NHS dentist in Oxford to advise on common conditions

Periodontal or gum disease is an infection that affects tissues that hold teeth in place. It is among the most common dental disorders that our dentists encounter. However, gum disease varies based on severity. Some of the symptoms of gum disease include swollen gums, red gums, and bleeding gums when flossing or brushing.

oxford-nhs-dentistGingivitis is different from periodontitis. Gum disease that is left untreated for a long time advances and becomes periodontitis, which is a more severe condition. You can prevent or detect gum disease by learning about some of its causes.

What are some of the causes of gum disease?

One of the lesser known causes of gum disease is prescription medication. Some medications have adverse side effects on your mouth, such as reducing saliva production. It leaves your mouth dry, which encourages the spread of bacteria.

If you have a concern about the health of your gums, make sure you discuss the prescription with your doctor. Similarly, make sure you talk to our NHS dentist in Oxford as soon as you notice any soreness, swelling or redness in your gums.

Teeth can sometimes overlap and become crooked. A crowded mouth encourages a breeding ground for bacteria that cause gum disease. Bacteria build up more when you have misaligned teeth, which harms your gums and teeth. You can prevent this by taking extra care of your misaligned teeth by brushing and flossing often. The ultimate solution, however, would be to visit an NHS dentist in Oxford for treatment for misaligned teeth.

Plaque is a leading cause of gum disease. The mouth is filled with bacteria that form a sticky film called plaque after combing with saliva. The plaque accumulates on your teeth. Bacteria in plaque convert the carbohydrates contained in sugary or starchy foods into the energy necessary to produce acid. Over time, the acid contained in plaque breaks down on the surface of your tooth and causes tooth decay. You can avoid the accumulation of plaque by brushing and flossing often.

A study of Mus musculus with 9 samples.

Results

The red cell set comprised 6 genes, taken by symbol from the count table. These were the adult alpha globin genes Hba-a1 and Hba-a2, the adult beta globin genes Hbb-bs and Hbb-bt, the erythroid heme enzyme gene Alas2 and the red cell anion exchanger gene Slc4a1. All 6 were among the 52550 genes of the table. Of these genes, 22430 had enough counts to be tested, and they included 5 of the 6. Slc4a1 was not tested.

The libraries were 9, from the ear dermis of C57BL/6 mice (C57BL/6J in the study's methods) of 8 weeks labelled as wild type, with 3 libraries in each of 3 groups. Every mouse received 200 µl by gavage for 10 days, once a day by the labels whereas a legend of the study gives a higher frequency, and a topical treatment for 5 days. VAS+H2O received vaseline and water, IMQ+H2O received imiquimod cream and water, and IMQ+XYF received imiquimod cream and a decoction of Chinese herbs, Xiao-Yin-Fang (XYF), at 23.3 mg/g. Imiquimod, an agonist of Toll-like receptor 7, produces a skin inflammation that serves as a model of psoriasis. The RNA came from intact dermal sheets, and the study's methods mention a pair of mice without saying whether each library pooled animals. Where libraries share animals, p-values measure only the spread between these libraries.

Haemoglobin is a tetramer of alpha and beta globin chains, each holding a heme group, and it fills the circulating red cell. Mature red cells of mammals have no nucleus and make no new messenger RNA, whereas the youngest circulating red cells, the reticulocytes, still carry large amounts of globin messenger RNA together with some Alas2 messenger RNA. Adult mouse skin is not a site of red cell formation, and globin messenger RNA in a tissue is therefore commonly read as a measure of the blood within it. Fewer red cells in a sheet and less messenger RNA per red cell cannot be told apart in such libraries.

Hormones rise and fall for females during the monthly menstrual cycles or when they are pregnant. Consequently, the hormonal shifts leave your gums prone to gum disease. But, it doesn’t mean that you automatically get gum disease or an issue with your teeth. It only implies that you need to take extra care of your teeth and mouth to prevent gum disease. If you experience any sign of gum disease, make sure you visit an NHS dentist in Oxford right away. However, the symptoms often fade away after pregnancy ends.

Chewing or smoking tobacco interferes with how the gum tissue cells function. As such, your mouth is left vulnerable to infections, such as gum disease. Smoking or chewing tobacco is a leading cause of gum disease. Therefore, you can protect your gums and prevent other health concerns by avoiding smoking.

Not all causes of gum disease are preventable, family genes for example.  However, most of them can be prevented. Generally, gum disease is avoidable when you practice proper oral hygiene. Also, make sure you visit our clinic for regular dental cleans.



Coronavirus (COVID-19)

Following the latest Government guidance, we are pleased to begin planning our return to practice.

We are committed to prioritising the safety of all patients and of our team, and as such there may be differences to how you are able to access dental services for the time being.